The soybean is a resilient plant, and so it is really too early in the season to worry about losses to drought in Mato Grosso and surrounds, Brazilian speakers at the DTN/The Progressive Farmer Ag Summit in Chicago said Tuesday.
"(I) don't worry too much about it impacting overall yields," Renato Rasmussen, economic analyst at Rabobank in Brazil, said on the sidelines of the conference in Chicago.
Rabobank pegs Brazilian soybean output at 105 million metric tons (mmt), which is at the high end of estimates.
Mato Grosso, Brazil's No. 1 soy state, has experienced well-below-average rainfall since the season for the oilseed started in September with the driest conditions seen in the big-producing northern reaches.
The lack of rain hampered planting in October and November, prompted some replanting, and there are reports of aborted flowering.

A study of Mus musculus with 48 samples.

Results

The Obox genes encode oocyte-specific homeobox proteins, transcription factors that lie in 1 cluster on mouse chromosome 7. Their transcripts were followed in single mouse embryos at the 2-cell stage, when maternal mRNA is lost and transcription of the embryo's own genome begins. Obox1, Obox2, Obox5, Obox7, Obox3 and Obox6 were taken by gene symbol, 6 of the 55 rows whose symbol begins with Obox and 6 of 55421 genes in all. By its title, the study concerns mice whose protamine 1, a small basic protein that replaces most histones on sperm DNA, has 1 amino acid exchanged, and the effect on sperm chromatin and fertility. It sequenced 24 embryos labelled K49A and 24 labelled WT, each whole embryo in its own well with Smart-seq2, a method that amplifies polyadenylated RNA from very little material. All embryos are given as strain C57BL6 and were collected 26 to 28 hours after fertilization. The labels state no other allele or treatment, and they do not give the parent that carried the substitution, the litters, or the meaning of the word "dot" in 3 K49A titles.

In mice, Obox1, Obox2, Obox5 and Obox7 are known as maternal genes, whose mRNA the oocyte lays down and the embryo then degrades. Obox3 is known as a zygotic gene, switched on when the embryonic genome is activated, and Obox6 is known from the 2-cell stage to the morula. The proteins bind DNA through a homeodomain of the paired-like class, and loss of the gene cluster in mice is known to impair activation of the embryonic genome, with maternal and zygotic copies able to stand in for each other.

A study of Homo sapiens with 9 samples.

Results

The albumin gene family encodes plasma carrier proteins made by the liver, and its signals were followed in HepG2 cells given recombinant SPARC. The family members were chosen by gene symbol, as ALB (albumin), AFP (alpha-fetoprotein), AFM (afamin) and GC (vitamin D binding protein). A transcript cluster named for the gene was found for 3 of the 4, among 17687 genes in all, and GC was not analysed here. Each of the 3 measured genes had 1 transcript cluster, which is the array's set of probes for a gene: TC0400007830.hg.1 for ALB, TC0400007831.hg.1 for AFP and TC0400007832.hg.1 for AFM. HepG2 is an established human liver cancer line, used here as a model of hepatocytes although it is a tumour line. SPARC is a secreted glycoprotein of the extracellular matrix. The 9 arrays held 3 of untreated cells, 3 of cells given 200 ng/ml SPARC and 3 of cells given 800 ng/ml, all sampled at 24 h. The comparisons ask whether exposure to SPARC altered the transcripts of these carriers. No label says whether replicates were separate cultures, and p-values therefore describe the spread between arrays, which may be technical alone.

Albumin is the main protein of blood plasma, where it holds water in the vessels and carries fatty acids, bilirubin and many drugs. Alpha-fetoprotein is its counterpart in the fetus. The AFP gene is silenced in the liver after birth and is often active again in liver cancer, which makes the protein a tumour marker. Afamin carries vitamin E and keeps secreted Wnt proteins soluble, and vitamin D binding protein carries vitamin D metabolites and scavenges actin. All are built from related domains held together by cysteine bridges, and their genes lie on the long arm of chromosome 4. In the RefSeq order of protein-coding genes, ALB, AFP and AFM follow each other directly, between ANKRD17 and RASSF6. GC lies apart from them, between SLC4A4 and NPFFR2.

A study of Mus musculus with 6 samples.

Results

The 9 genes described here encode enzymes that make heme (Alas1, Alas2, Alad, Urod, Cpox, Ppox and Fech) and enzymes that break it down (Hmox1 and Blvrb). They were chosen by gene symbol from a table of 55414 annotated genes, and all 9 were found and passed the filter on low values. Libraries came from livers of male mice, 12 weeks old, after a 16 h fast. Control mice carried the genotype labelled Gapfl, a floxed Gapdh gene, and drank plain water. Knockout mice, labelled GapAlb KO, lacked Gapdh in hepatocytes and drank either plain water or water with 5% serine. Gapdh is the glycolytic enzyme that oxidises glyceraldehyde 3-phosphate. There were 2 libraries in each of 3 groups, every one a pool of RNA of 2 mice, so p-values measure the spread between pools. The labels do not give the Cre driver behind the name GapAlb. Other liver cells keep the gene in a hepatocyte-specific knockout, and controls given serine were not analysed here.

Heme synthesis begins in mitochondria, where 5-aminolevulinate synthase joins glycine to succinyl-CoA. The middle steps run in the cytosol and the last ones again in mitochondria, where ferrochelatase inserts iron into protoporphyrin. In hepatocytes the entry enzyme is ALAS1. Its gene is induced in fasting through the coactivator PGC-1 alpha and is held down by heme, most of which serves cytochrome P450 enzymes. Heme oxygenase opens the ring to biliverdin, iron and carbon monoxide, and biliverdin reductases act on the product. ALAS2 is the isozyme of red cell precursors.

But it hasn't been a blanket drought, with showers regularly dousing parts of the state, and crops in many area still look OK.
Grupo Scheffer, one of Brazil's biggest farms, says its soybeans look good across northern and western Mato Grosso and are expecting the same or slightly better yields than last year.
"We haven't really had any problems with our crop," said Guilherme Scheffer, CFO of the group that plants around 400,000 acres.
However, the delays will inevitably have a knock-on effect on second-crop corn.
Late soybean harvesting in Mato Grosso and the rest of the center-west will push back corn planting, which could expose the corn to dry conditions in the winter.
As a result, Rasmussen has reduced his expectations for the expansion in Brazilian second-crop corn area from 6% to 8% to something around 5%.
Farmers are planning to expand area after the devaluation of the Brazilian real greatly improved margins, but they will be wary of the heightened weather risk, he said. That concern will heighten if the possibility of the return of La Nina actually becomes a reality as the phenomenon can cause extended dry weather in the Brazilian Cerrado.